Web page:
By Salim Aioubov and Bruce Pannier



Prague, 6 November 1998 (RFE/RL) -- The battles in northern Tajikistan between government forces and rebels loyal to a renegade officer are a reminder that a significant number of Tajiks were not satisfied with the accord that ended the country's civil war.

A troubling aspect of the latest fighting is the realization that two of the groups left out of the peace process seem to have joined forces. They are obviously prepared to resort to extreme measures to have themselves included in governing the country.

The two forces which have joined efforts in northern Tajikistan's Leninabad Region are those loyal to Colonel Mahmud Khudaberdiyev and forces loyal to former Prime Minister Abdumalik Abdullojonov.

Khudaberdiyev made the connection with Abdullojonov clear during negotiations with the government at the outset of hostilities this week. He demanded seats in the government, a withdrawal of government forces from the area of combat and an opportunity for Abdullojonov to speak on national television and radio. These conditions were rejected immediately by the Tajik government. The fighting worsened soon thereafter.

Khudaberdiyev, until August 1997, commanded the most able unit of the Tajik Army, the First Brigade, which was located in the southwest city of Kurgan-Tyube (Kurgan-Teppe). That unit was also the special rapid reaction force of the presidential guard.

But Khudaberdiyev too often resorted to military tactics to gain political changes. His unit marched on Dushanbe in January 1996, and again one year later, both times demanding government officials be dismissed from office. In August 1997, after the peace accord providing for the return of members of the United Tajik Opposition (UTO) had been signed, he tried to separate the southern Khatlon Oblast from the rest of the country.

During Tajikistan's five-year civil war, he and his unit had fought against the Islamic-dominated opposition and Khudaberdiyev was against their return to the country.

The attempt to extend the area under his control in August was the final act of disobedience the government was prepared to accept. Though it took two months, government forces finally drove Khudaberdiyev and the remainder of his unit into hiding, according to some rumors, in neighboring Uzbekistan.

Abdullojonov was Tajik Prime Minister in 1993. A native of Khujand, in the Leninabad Oblast, Abdullojonov ran against current President Imomali Rahmonov in the 1994 presidential elections. The victory of Rahmonov in that election was widely disputed and international observers recorded numerous cases of vote rigging and intimidation.

Abdullojonov says he did not make an issue of the results in the interest of national harmony. He later was posted to Moscow as Tajik Ambassador to Russia.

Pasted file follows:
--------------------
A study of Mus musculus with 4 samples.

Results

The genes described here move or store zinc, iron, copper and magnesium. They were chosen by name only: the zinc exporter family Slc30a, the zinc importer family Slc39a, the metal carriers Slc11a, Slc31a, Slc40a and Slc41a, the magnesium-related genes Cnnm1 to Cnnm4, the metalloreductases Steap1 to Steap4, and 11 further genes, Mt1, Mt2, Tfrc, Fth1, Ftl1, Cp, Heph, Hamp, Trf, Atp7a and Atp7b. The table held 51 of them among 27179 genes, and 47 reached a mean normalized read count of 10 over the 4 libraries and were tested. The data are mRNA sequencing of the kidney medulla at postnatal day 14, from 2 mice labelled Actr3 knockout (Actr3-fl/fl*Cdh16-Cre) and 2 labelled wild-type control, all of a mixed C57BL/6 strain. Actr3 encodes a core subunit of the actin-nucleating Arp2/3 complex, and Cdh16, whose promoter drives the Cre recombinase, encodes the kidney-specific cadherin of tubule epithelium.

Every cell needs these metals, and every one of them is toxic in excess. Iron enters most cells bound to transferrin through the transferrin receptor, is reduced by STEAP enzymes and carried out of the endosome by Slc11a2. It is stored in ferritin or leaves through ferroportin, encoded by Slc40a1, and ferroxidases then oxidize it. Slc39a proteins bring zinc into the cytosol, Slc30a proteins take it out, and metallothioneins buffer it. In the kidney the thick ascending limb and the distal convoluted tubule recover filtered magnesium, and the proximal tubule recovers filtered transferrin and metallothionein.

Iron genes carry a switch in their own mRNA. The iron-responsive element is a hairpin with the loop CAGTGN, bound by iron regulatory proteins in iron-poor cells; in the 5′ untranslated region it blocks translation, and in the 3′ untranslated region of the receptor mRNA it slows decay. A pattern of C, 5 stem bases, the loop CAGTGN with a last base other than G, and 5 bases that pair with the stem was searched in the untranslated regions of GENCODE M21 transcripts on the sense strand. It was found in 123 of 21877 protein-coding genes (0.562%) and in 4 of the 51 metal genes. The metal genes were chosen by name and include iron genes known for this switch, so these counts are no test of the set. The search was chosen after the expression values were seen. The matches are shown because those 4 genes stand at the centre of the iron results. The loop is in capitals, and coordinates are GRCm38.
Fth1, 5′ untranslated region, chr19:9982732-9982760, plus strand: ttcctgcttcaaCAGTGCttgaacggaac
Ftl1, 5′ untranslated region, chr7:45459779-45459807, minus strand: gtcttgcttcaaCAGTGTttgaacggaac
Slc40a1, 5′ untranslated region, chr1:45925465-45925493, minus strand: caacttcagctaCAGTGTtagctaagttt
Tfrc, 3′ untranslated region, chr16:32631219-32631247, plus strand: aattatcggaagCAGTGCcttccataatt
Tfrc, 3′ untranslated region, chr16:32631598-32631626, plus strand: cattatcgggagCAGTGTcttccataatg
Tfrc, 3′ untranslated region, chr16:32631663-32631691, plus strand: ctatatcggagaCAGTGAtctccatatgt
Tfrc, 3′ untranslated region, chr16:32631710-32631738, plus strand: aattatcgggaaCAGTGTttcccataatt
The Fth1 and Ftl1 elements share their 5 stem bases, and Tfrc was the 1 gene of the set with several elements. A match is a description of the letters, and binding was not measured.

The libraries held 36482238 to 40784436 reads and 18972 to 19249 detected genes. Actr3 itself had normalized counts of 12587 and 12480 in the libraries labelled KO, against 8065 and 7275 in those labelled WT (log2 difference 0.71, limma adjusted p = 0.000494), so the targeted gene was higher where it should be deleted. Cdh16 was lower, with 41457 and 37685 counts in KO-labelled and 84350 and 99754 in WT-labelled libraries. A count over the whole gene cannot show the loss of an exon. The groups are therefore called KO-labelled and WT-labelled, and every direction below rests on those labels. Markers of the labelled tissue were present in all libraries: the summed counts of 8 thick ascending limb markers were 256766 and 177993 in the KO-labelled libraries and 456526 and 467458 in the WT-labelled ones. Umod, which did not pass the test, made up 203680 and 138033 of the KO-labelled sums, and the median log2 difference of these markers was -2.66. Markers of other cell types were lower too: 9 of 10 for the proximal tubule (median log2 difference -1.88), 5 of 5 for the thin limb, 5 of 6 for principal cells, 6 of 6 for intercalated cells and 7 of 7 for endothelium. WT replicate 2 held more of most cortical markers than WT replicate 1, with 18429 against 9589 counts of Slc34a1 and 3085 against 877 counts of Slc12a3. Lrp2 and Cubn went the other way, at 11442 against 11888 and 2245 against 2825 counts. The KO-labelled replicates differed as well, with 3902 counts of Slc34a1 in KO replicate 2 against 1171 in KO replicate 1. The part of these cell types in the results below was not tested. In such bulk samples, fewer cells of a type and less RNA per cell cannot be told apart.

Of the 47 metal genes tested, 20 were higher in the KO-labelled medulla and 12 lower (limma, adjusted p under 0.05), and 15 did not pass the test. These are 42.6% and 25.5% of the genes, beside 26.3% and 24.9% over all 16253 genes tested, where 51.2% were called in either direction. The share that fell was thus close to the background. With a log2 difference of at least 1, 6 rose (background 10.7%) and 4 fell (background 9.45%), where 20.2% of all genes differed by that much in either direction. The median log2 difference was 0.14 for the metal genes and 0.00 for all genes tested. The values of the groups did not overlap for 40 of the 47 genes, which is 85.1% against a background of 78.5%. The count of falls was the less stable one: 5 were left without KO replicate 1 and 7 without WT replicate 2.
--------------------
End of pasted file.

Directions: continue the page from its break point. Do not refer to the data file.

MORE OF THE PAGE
But he didn't serve long before deciding to form a new opposition group, the National Revival Movement, in 1995 and asked to be included in peace negotiations with the UTO. Both sides rejected this request. Abdullojonov began a life in exile, some say in neighboring Uzbekistan. He remains a popular figure in the Leninabad Oblast (region).

Many reports claim Khudaberdiyev has gathered 1,000 fighters but Tajik government officials dispute this. However, on the last day of April 1997, an assassination attempt was made on President Rahmonov when he was visiting Khujand. In the months that followed, many people from the area were arrested and sent to prisons and detention areas in the south. Some of them, including Abdullojonov's brother Abdulhafiz, were sentenced to death in February 1998.

The complaints of Leninabad residents against the growing assertion of centralized authority were ignored by the government. Local leaders who called on the people to protest were strictly punished.

The government's decision to deploy the elite Presidential Guard in the city of Chkalovsk, near Khujand, annoyed locals, who demanded the removal of officials from southern Tajikistan who were appointed by the central government.

Last July, Khudoberdiyev and Abdullojonov, both in exile, met each other for the first time in a small Uzbek village near of Tajik-Uzbek border. There was a confidential meeting, which included some influential leaders who had been left out of the peace accord and power-sharing in Dushanbe, including Yoqub Salimov, former interior minister and Saifiddin Turaev, former deputy speaker of the parliament.

They pledged to strengthen ties, but rejected plans of military actions against Rahmonov. According to other sources, they could not create any active alliance, because of division over the question of leadership.

Khudaberdiyev's force, despite its size or ability, is not likely to survive for long. The commander of the UTO forces, Mirzo Ziyoev, who is likely to be named Tajikistan's new Defense Minister in the ruling coalition, said that military units that formerly opposed Rahmonov's government were joining up with government forces to battle the rebel fighters in Khujand.

But the uprising shows there are significant factions which have been ignored during Tajikistan's slow road to peace. The government and the UTO have many differences to settle between themselves but this latest event proves neither has the luxury of forgetting there are other groups which are not participating in the peace process.